Any advice would be greatly appreciated. Was diagnosed earlier this year test results were

June 2017

TSH - 34.52 (0.35 - 5.5)

Free T4 - 4.9 (10 - 19.8)

Was prescribed 25mg levothyroxine

July 2017

Thyroid antibodies - 1300 (0.0 - 60.0)

TSH - 22.41 (0.35 - 5.5)

Free T4 - 9.6 (10.0 - 19.8)

Was prescribed 50 mg of levothyroxine


TSH - 9.34 (0.35 - 5.5)

Free T4 - 13.4 (10.0 - 19.8)

Message left from my doctor to pick up 75mg of my tablets, now borderline hypothyroid & to make an appointment in a year for a blood test.

Trouble is I still feel awful, obviously not as bad as earlier this year but not functioning well at all. I'm self employed & need to work to make ends meet but still incredibly difficult.

I've made an appointment to see yet another GP within the same practice to try & get some help with the high pitched continuous noise in my ears (especially the left where I feel I'm losing some hearing) & the dry mouth symptoms. I'm thinking these might be associated with the Hashimotos?

I know they have said they don't test for T3 previously but has anyone been able to persuade them at all?

Thank you for any advice on pointing me in the direction of better understanding test results.

6 Replies

Well you do need the increase to 75mcg and then retest after 6-8 weeks. Likely to need further increase(s) - 25mcg max at any one time, and retesting after 6-8 weeks

All thyroid tests should be done as early as possible in morning and fasting and don't take Levo in the 24 hours prior to test, delay and take straight after.

Your antibodies are very high this is Hashimoto's, (also known as autoimmune thyroid disease). About 90% of hypothyroidism in UK is due to Hashimoto's.

Hashimoto's very often affects the gut, leading to low stomach acid, low vitamin levels and leaky gut.

Low vitamins that affect thyroid are vitamin D, folate, ferritin and B12. Very Important to test these. If they are too low they stop Thyroid hormones working.

Have these been tested, if not ask that they are. Always get actual results and ranges.

As you have Hashimoto's then hidden food intolerances may be causing issues, most common by far is gluten. Changing to a strictly gluten free diet may help reduce symptoms and eventually start to lower antibodies. Very very many of us here find it really helps and can slowly lower antibodies, improving symptoms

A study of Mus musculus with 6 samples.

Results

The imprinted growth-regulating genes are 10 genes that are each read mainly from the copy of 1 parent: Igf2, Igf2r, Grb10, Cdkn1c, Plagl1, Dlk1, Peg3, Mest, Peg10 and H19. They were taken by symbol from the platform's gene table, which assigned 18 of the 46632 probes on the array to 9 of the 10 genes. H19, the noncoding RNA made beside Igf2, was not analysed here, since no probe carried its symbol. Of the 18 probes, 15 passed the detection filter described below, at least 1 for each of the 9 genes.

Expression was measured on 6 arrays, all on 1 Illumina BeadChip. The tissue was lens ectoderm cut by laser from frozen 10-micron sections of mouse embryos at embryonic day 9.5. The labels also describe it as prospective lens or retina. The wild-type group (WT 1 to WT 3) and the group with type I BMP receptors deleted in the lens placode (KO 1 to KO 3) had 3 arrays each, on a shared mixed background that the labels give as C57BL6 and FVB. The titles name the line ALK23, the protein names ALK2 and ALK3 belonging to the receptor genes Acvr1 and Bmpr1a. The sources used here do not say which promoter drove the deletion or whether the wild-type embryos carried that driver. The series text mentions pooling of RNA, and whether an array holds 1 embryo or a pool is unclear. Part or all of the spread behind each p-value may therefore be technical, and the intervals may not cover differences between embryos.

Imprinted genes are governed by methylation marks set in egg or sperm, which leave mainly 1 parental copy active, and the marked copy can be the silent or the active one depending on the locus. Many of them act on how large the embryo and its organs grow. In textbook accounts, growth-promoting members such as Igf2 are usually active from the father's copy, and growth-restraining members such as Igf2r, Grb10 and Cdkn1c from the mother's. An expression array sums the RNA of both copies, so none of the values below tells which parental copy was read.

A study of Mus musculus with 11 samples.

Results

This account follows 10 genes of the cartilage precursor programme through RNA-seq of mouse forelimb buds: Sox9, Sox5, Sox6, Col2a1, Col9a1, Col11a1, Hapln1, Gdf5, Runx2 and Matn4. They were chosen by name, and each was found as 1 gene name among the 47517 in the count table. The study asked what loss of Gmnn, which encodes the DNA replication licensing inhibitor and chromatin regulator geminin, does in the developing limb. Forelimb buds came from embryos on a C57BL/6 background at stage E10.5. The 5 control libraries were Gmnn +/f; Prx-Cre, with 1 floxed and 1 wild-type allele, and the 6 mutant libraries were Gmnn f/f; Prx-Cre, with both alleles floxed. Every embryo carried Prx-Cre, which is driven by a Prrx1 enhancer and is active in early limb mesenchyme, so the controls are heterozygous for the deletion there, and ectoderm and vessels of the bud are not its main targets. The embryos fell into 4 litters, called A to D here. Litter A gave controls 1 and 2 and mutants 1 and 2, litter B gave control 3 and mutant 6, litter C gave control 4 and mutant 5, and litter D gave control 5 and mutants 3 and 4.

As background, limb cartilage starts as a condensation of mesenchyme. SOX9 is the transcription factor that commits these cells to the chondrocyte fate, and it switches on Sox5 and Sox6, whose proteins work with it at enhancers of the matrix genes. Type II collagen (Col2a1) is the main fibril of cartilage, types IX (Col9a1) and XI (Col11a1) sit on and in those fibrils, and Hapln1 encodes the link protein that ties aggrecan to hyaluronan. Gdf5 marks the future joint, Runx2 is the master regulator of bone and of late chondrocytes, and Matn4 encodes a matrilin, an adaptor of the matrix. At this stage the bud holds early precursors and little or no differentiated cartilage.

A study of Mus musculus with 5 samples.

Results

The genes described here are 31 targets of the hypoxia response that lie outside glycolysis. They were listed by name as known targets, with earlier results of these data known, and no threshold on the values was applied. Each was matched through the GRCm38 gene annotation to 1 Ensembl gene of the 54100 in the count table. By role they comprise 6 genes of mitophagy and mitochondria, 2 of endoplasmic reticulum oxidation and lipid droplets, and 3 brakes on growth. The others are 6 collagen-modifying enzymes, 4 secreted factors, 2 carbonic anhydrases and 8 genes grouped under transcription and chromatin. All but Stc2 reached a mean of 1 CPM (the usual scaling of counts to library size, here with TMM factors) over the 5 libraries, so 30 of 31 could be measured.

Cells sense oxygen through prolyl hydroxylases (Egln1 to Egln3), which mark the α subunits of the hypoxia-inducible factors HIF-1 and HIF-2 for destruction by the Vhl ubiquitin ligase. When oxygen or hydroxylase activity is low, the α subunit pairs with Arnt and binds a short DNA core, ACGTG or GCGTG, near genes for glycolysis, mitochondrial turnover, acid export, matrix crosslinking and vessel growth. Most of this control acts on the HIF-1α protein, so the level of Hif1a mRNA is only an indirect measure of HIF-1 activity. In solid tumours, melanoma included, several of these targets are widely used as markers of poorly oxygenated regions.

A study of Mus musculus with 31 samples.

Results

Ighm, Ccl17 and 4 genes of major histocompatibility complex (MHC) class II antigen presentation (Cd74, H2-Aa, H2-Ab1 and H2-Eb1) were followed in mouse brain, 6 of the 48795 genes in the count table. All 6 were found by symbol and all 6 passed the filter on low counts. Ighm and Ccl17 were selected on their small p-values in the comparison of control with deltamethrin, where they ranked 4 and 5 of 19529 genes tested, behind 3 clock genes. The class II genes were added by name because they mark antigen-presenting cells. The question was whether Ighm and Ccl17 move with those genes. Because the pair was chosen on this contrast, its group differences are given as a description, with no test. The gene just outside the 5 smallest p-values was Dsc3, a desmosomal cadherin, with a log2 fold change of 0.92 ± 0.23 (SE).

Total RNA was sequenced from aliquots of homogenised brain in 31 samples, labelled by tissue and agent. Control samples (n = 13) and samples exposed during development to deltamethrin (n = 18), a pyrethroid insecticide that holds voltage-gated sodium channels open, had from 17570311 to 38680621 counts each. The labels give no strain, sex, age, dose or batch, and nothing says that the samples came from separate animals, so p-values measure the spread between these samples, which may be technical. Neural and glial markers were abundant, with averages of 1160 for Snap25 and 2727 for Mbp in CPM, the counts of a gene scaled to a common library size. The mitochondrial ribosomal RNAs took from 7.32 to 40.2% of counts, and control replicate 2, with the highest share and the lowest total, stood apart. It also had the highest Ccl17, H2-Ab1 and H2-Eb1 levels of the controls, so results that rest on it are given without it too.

If your GP seriously thinks that you are now correctly treated then you need to see/find another GP.

But first Ring/see GP and ask for full Thyroid retest and the essential 4 vitamin tests to be done 6 weeks after latest increase.


I'm not sure why your doctor said you are borderline hypothyroid as you are clearly overtly hypothyroid judging by your previous tests. You need a blood test every 6-8 weeks until your TSH is near to 1.0 or until you feel well. Most people feel well when they reach 1.0 or slightly lower.

Could the high pitched noise in your ear be tinnitus? If so you need to check your B12 levels as it's a symptom of B12 deficiency. You need to check Vit D, B12, folate and ferritin as hypothyroid conditions often go hand in hand with these deficiencies. Levothyroxine won't work well until all of these are optimal. They need to be half way in the laboratory range and B12 needs to be at the top of the range to feel well.

You have thyroid antibodies which means you have autoimmune thyroid disease otherwise known as Hashimotos thyroiditis. You can read up about it on the Thyroid UK website.

Autoimmune conditions sometimes make you more susceptible to other autoimmune conditions and so it would be sensible to rule out pernicious anaemia by getting a B12 blood test result and then investigate further if it is low.


Thank you Nanaedake, the noise is tinnitus & its constant & driving me mad. I will ask for the test to check for B12 & others, really appreciate your advice on a possible link.